Nearly half of Britain’s students struggle with their basic household needs, reveals a study by the National Union of Students (NUS)
The NUS Student Poverty Commission discovered that students have an average of £24.32 per week for food and £17.35 weekly for travel, leaving many students worried or unable to meet their financial commitments.
NUS President Shakira Martin states that student poverty is in a “desperate situation”. Martin, who created the Student Poverty Commission in August of this year, explained that it is the Commission’s role to examine and reveal the hardship students face.
While many students struggle with student debt, Martin explains that the increase on student rent is “forcing those at university to take out bigger loans”, thereby increasing student poverty.
“Save the Student” examined the effects poverty has on students. According to the organisation, 50 percent suffer from mental health issues and 34% see their grades affected.
67 % of students find other means of receiving income such as part time jobs, 71% seek parental support when they are facing financial crisis but some use gambling or sex work to cover costs. While 26% of students have no savings.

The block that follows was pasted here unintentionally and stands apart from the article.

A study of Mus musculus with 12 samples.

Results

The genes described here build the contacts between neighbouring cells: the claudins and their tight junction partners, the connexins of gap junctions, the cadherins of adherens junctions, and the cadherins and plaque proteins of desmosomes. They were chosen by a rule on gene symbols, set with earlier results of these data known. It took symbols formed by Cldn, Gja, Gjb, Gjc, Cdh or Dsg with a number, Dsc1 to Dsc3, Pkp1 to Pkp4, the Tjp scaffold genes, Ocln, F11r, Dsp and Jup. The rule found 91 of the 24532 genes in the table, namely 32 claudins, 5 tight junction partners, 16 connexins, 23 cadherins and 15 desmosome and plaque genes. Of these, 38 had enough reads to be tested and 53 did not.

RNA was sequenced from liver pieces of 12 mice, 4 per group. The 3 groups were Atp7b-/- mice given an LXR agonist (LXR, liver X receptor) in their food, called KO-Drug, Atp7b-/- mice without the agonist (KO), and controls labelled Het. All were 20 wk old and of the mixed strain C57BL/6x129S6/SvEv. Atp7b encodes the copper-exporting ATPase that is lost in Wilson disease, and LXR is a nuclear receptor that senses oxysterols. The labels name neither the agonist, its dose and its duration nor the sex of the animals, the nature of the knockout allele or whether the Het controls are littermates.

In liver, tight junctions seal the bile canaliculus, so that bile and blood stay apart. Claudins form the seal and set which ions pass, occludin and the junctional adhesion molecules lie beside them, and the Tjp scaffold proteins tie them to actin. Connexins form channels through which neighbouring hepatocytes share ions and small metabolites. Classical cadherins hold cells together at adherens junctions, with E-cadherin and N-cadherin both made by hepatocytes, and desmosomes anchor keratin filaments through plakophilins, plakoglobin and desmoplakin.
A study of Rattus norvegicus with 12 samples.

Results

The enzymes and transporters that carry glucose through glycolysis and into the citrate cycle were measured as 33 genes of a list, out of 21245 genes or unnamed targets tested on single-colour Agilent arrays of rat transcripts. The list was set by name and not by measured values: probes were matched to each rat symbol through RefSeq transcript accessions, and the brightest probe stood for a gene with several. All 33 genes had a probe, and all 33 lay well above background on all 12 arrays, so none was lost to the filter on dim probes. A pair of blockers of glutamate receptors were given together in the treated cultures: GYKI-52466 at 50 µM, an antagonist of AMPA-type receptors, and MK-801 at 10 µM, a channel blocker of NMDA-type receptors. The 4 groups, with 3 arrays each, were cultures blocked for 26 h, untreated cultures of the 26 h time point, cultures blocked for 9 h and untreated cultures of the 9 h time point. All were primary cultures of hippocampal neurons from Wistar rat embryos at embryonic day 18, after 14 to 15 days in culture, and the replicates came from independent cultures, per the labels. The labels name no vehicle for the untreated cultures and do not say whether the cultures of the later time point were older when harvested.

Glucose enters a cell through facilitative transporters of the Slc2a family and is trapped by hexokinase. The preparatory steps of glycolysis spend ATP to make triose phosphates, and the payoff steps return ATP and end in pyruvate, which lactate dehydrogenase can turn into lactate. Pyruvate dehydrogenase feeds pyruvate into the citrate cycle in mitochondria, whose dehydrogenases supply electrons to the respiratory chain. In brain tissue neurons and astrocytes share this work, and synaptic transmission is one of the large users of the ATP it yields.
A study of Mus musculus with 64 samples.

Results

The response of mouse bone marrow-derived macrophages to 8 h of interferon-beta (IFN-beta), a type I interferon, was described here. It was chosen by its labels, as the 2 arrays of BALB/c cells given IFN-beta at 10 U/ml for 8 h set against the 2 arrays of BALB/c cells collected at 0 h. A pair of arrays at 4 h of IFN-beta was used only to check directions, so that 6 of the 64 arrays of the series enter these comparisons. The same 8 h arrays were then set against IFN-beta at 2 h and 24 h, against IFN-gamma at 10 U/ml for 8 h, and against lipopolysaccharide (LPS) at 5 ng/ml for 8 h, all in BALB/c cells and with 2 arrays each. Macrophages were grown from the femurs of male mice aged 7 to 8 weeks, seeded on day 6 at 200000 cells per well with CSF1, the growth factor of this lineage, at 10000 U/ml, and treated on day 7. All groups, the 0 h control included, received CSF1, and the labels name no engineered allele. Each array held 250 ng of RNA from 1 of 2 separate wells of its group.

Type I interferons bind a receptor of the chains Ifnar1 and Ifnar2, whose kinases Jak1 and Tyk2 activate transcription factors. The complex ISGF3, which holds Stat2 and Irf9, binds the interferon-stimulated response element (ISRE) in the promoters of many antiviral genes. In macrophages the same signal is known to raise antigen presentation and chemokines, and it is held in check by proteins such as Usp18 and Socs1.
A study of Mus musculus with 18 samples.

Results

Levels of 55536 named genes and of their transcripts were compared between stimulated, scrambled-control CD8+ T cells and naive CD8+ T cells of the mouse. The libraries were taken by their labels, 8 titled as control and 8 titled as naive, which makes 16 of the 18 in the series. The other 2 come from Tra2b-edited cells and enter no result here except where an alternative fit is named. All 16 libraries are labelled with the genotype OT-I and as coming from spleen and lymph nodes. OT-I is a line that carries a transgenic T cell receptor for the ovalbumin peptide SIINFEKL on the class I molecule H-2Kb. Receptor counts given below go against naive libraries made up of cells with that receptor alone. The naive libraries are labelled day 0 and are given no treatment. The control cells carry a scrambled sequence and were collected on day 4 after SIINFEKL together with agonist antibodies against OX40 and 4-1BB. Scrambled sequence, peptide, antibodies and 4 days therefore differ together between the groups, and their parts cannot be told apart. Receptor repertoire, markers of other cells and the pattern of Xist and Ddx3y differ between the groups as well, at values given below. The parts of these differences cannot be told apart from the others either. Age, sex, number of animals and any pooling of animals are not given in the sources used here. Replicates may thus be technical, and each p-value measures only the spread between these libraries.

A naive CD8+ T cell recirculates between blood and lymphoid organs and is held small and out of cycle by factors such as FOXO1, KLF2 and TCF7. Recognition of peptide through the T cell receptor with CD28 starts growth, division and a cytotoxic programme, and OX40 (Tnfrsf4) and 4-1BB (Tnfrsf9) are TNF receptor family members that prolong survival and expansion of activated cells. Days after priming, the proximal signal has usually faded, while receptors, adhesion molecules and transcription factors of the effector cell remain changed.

A survey by Save the Student’s survey revealed that an overwhelming number of students spent most of their money on rent rather than on food. This also impacts students’ diet as some have gone days without food to cover rising rent costs.
Glasgow, has been ranked the UK’s most expensive city for university students by the Royal Bank of Scotland Student Living Index, that looked at living costs and spending habits across Britain. Glasgow is ranked 35th and thereby last of all cities looked at in the UK, followed by London and St. Andrews which are 34th and 33rd on the list.
By David Hendry. Photo credit: Titi Farukuoye.